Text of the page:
Project around Baghdad Airport Raises Demographic Fears among Sunnis
A government decision to allow a foreign company to invest in more than 100,000 dunams of agricultural land around Baghdad International Airport has raised concern among the local Sunni community.
They charged that the decision was taken without taking into consideration the possible demographic change that could occur in the area, known as the Baghdad Belts.
The move has sparked popular concern and parliamentary action to halt the deal. Residents of the area have been living there since the Ottoman age and have the documents to prove their ownership of property.
State of Law coalition MP Ammar al-Shibli said that the deal will force the displacement of thousands of locals.
Speaking at a press conference with MP Zeitoun al-Dulaimi at parliament on Tuesday, he said that the deal was struck during the transition period before Prime Minister Adel Abdul Mahdi assumed his post.
Dulaimi called on the premier to “save more than 7,000 homes and agricultural properties that will be bulldozed as a result of the project.”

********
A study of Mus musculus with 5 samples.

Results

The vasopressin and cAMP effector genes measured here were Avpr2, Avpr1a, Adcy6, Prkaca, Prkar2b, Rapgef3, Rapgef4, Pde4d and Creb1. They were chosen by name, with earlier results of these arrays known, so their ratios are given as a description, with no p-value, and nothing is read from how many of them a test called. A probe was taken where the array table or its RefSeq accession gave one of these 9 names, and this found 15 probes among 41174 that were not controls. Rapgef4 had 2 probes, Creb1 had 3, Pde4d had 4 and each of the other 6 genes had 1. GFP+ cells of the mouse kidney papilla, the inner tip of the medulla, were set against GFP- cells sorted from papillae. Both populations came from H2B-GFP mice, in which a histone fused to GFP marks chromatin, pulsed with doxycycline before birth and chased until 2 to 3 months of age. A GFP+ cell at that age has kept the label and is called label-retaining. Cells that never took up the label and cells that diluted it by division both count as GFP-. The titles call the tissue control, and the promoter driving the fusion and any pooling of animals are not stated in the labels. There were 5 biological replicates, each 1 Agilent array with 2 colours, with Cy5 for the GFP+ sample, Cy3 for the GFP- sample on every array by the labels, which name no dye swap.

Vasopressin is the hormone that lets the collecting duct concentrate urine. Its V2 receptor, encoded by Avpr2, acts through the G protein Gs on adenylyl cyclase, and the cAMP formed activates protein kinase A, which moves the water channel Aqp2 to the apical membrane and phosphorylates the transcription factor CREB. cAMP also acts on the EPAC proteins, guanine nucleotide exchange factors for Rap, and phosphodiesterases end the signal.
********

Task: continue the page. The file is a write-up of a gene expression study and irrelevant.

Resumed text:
She revealed that Abdul Mahdi had pledged to review all decisions that were made during the transition period and he has indeed so far fulfilled this promise.
“We have hope that he will stand against this decision,” she added, revealing that the it was taken without consulting the concerned parties and the residents themselves, who refuse to be vacated from their homes.
MP Mohammed al-Karbouli told Asharq Al-Awsat that the investment deal is aimed at “creating demographic change in the Baghdad Belts area,” indirectly referring to Sunni tribes residing there.
“We, along with the people, will not remain silent over such a plot,” he declared, warning against “violating the social and tribal fabric that has existed in these regions for hundreds of years.”
Moreover, he revealed that several fake investment projects were approved in the past only for the seized property to be distributed to non-locals.
“This cannot take place again,” he demanded.
Former MP Iyad al-Jubbouri, who also hails from one of the targeted areas, told Asharq Al-Awsat that the project has “an obvious goal that has nothing to do with investment.”